High-net worth families should be aware: Ottawa will be looking your way
This shouldn’t be seen as Doom and Gloom – but we’d be remiss not to acknowledge the numbers you’re seeing in the news. It makes for grim reading. However, with planning, strategy, and a team behind you, it won’t be difficult to navigate, and make all the difference for generations to come.
What numbers are we talking about?
From April 2020 to November 2020 alone, Canada’s deficit increased to more than $232 billion. The year before, the deficit was already a then-record $11.75 billion.
In just over a year, it increased almost 20 times over. Talk about grim.
What happened? COVID-19 created a perfect fiscal storm. Spending increased exponentially to help support Canadians to stay home. At the same time, revenues from personal and corporate income tax bottomed out. In effect, the candle burned from both ends, and the result is the largest deficit in the country’s history, even adjusting for era and inflation.
We’re all experiencing life under a pandemic every day, and so this won’t have come as a surprise. But what may surprise some Calgary families is what many analysts say Ottawa may do next.
Faced with record-breaking deficits, and no realistic prospect of fully re-opening the country or the economy for months and months, the pressure to find more ways to increase federal government revenue is enormous.
Like any government, they’ll look for politically palatable solutions their supporters can get behind.
With that background, it’s not hard to see why many experts, analysts and political observers believe Ottawa may introduce a higher capital gains tax, possible tax on principal residences, and the NDP (whose support will likely be needed to pass a budget) have already raised the idea of a wealth tax during the 2019 election.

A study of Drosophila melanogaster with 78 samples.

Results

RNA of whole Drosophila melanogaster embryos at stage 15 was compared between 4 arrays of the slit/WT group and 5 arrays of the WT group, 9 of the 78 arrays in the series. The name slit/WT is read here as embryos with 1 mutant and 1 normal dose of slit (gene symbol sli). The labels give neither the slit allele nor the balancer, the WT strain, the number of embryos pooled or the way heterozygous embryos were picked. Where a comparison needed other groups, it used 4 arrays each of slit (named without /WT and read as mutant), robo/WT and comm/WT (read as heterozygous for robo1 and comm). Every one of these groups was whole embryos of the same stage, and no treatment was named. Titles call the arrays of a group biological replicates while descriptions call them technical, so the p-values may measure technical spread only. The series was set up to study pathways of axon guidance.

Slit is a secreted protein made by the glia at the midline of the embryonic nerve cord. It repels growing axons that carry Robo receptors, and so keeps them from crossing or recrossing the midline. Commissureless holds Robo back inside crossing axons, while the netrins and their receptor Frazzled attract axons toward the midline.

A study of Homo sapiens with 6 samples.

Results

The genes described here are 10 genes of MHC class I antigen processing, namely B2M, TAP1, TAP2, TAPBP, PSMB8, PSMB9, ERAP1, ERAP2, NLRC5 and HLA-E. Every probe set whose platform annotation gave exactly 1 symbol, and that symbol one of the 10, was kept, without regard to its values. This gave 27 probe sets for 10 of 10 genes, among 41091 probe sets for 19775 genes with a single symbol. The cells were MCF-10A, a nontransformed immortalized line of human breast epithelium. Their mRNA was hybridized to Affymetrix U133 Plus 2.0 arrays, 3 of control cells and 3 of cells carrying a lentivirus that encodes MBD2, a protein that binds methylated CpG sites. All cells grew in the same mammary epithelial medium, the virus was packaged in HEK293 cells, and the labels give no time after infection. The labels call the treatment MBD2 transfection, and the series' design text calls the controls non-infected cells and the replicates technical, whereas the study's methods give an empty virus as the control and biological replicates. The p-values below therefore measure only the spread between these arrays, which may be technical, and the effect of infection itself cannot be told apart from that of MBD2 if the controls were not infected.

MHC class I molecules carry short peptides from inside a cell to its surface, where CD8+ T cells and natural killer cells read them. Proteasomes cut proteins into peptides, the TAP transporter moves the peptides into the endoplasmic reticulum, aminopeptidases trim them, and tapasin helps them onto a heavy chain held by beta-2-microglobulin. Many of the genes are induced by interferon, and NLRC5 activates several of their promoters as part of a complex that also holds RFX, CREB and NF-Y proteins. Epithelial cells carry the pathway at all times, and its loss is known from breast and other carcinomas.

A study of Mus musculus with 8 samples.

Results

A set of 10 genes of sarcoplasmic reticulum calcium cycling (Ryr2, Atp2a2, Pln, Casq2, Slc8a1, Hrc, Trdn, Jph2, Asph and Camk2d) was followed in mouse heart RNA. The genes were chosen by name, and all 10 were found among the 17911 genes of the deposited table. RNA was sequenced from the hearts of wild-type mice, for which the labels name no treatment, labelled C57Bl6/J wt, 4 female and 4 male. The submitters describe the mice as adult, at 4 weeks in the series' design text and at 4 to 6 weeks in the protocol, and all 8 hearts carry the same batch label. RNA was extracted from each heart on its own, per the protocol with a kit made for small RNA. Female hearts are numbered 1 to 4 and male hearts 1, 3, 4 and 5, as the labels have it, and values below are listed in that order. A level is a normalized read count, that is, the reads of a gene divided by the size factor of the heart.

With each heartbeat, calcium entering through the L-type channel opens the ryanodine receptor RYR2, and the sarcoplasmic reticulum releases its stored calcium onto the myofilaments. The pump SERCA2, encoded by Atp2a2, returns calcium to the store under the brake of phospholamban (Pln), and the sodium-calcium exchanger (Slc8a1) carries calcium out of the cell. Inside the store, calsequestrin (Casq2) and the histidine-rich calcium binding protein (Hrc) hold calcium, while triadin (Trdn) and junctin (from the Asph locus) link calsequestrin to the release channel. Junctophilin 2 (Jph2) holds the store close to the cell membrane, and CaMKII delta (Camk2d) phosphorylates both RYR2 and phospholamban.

Accounting and tax professionals have long been calling for a complete review and potential overhaul of the Canadian tax system; the last thorough review was conducted in 1967 and our economy has changed drastically since then. Furthermore, our governments have the ability to design a tax system that can further encourage investment, entrepreneurship, and saving – all in short supply these days.
Accounting and tax professionals have long been calling for a complete review and potential overhaul of the Canadian tax system
A “wealth tax” can mean many different things, but the purpose is the same: to tax extreme wealth inequality. Wealth taxes are not new; a few countries have some form of one, and even more have abandoned them. However, the federal government seems intent on finding more revenue.
The introduction of a wealth tax is being talked about amongst a few of our political parties in Canada, and we only need to look to Europe to see how this policy has been tried and ultimately failed. In 1990, twelve countries in Europe had a wealth tax. Today, there are only three: Norway, Spain and Switzerland.
We’re not here to talk about whatever political reasons factor into this, but to ensure families aren’t caught off guard.
Every family is unique, and every family has structured their wealth differently. Two families with roughly equal net worth might be affected completely disparately, creating lasting effects on investments, philanthropy, generational planning, business – touching every part of your family’s lives. Even what may seem like a minor tax adjustment can easily mean millions of dollars – especially if you’re not thinking year-to-year, but in terms of generations.
Every family is unique, and every family has structured their wealth differently.
That’s where a Family Office comes in.
A different, more streamlined, and comprehensive model than traditional wealth management firms, a Family Office offers several major advantages from traditional wealth management firms, including independence, dedication, and integration – which will be key in the coming weeks.
If Canada does make major tax changes as expected, an integrated team approach is crucial. Having a team that understands how to integrate your capital, tax, credit, philanthropy, and family, creates cohesion, and makes your life easier.
A Family Office offers an in-house team of professionals with experience and education in everything from investment management, tax, philanthropy, succession, literacy, and more. The best family offices build strong, comprehensive relationships with their families, cognizant of all the different moving parts, and what the second and third order consequences will be for any action. It’s not piecemeal.
A Family Office offers an in-house team of professionals with experience and education in everything from investment management, tax, philanthropy, succession, literacy, and more.
If families with high net worth aren’t prepared for changes that are almost certainly coming, they can’t plan for it. To do that, you need a team behind you – one that is proactive, thinks ahead and works in terms of generations…as opposed to one that frets about what just happened.